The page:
Los Angeles (AFP) - Millions of people lost electricity this week in California as the state's utility giant PG&E sought to prevent catastrophic wildfires, leading many to question whether such power shutoffs will become the new normal.
The unprecedented outages plunged large swaths of Northern California in the dark, forcing the closure of schools and businesses and prompting backlash and questions on how this could happen in a state that boasts the world's fifth largest economy.
"This can't be, respectfully, the new normal," fumed Governor Gavin Newsom on Thursday as he spoke with reporters. "And it is a false choice to say it's hardship or safety."
PG&E, the state's largest private utility company that services some 5.4 million customers in the northern and central part of the state, has defended the shutoffs that affected about two million people as necessary to prevent wildfires that could be sparked by lines downed in heavy winds.
Last November, PG&E's faulty power lines were determined to have sparked the deadliest wildfire in the state's modern history, which killed 86 and destroyed the town of Paradise.
Power lines were also behind devastating fires in 2017 in the Napa wine region.
PG&E, which filed for bankruptcy in January, has argued the outages this week were necessary for safety reasons and said it will take days before power is restored to all customers as employees beforehand must check the grid in person or electronically.
'Not adequately prepared'
The beleaguered company also warned that such shutoffs could be ordered annually until its aging power grid and power lines can be updated to handle fire hazards.
Experts believe such an overhaul can take a decade to complete, especially as PG&E is undergoing a massive reorganization linked to the multi-billion dollar settlements it has had to pay victims of last year's fire.
Bill Johnson, the company CEO, apologized at a news conference Thursday evening for the massive power cuts ordered this week and admitted the agency had poorly handled the issue.
"We were not adequately prepared," he admitted, while defending the decision. "We faced a choice here between hardship on everyone and safety, and we chose safety."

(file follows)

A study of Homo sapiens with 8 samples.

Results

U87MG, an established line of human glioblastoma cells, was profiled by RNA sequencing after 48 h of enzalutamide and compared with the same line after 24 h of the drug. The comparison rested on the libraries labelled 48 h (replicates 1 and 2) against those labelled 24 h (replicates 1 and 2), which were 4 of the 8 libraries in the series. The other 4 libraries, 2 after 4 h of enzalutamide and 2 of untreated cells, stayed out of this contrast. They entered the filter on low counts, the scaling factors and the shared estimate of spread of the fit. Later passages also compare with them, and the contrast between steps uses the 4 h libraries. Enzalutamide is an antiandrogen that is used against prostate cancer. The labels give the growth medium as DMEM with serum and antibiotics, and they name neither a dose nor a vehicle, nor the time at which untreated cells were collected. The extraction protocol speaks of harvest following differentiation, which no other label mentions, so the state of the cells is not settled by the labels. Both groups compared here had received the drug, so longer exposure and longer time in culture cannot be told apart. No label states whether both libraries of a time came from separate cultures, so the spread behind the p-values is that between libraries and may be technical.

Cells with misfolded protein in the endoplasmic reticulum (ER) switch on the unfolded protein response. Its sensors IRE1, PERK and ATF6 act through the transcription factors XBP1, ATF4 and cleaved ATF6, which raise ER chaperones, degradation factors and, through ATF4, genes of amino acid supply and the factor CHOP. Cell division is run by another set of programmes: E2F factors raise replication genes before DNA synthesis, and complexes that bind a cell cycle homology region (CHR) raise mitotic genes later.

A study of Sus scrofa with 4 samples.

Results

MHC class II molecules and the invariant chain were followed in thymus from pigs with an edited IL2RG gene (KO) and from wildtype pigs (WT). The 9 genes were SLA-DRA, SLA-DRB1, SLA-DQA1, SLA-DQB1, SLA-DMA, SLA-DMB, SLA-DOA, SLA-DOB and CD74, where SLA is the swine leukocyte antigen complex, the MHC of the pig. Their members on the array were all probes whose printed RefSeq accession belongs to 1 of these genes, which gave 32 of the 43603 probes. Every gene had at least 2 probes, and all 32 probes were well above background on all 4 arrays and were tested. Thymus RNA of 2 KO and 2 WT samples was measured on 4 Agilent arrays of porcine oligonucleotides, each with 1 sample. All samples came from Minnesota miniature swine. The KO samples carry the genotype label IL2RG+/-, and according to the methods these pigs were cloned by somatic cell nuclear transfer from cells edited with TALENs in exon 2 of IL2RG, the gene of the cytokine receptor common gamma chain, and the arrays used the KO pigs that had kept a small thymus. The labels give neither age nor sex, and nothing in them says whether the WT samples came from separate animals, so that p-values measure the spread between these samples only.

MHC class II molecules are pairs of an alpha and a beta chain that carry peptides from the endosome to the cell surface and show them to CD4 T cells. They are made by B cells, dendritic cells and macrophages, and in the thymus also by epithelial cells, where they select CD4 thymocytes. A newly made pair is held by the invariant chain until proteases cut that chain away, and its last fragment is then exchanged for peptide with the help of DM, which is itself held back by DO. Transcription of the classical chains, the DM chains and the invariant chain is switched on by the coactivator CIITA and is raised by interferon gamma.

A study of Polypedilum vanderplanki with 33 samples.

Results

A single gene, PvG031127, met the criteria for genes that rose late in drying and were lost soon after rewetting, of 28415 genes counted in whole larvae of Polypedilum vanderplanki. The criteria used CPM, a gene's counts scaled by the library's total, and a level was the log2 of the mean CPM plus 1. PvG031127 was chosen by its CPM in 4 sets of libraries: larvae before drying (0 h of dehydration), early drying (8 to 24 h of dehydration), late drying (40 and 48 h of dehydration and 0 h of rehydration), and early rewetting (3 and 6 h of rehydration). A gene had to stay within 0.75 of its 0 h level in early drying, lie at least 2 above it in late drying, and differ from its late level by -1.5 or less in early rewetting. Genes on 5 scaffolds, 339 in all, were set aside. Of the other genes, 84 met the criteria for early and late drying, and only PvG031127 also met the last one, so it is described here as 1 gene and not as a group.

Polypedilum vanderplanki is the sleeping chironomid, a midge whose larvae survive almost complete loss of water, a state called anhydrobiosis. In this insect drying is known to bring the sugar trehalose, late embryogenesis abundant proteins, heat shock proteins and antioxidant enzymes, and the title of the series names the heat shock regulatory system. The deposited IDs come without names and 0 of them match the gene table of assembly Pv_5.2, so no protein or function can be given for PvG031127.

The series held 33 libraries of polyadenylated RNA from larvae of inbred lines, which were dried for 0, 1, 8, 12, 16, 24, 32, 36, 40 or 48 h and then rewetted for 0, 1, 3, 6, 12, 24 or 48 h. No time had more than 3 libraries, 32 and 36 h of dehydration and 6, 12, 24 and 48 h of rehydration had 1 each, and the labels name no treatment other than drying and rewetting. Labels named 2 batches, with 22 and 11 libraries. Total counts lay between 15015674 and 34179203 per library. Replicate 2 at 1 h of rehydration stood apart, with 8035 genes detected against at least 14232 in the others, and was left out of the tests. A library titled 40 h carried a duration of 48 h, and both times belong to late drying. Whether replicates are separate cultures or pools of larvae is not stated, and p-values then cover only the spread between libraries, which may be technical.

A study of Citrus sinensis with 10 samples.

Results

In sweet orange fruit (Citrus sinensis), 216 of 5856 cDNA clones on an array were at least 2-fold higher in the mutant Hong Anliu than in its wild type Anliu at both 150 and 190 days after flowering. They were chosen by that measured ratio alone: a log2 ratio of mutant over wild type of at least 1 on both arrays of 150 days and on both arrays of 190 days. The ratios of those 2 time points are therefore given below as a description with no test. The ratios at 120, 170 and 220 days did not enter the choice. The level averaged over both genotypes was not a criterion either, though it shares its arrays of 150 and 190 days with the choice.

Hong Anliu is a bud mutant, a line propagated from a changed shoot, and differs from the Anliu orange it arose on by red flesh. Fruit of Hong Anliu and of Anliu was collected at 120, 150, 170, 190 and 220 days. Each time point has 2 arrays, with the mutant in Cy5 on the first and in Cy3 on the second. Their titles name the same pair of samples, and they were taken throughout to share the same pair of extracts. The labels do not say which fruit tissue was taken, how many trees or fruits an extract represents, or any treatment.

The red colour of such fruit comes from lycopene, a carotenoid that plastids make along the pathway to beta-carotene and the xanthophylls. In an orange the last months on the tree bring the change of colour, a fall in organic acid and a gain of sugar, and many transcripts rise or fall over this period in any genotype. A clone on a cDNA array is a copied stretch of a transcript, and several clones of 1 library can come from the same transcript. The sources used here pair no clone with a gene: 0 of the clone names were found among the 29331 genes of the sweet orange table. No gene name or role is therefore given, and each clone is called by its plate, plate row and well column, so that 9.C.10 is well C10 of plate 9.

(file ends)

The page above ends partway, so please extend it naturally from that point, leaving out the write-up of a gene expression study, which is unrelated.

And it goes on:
His argument, however, was dismissed by many, including the governor, who blasted PG&E for failing to invest enough in recent years to upgrade its power lines.
"It's decisions that were not made that have led to this moment in PG&E's history in the state of California," Newsom told a news conference.
"This is not, from my perspective, a climate change story as much as a story about greed and mismanagement over the course of decades," he added. "Neglect, a desire to advance not public safety but profits."
Mikhael Chester, a professor of sustainable energy at Arizona State University, said even if billions of dollars were spent to upgrade utility grids, power shutdowns would continue to happen as infrastructure could not be expected to be "one hundred percent reliable."
"We have pushed infrastructure to a point where we are going to have to recognize that reliability is going to become compromised more and more often," he told Popular Science magazine.
As to suggestions that California bury its power lines underground to ward off wildfire, experts say such a solution comes down to cost and time.
It costs approximately $3 million per mile to convert underground electric distribution lines from overhead, while the cost to build new overhead lines is approximately $150 per foot or $800,000 per mile, PG&E says on its website.
Severin Borenstein, a University of California Berkeley professor of business administration and public policy who specializes in energy, said given the state of affairs, Californians should brace for blackouts becoming regular occurrences.
"We've been pretty lucky in California that we have far fewer weather disruptions than in other parts of the country," he told National Public Radio.
In coming years, however, he added that the state must seriously address the threat of wildfires "and do a lot more preparation and have our lives disrupted for a few days a year at least."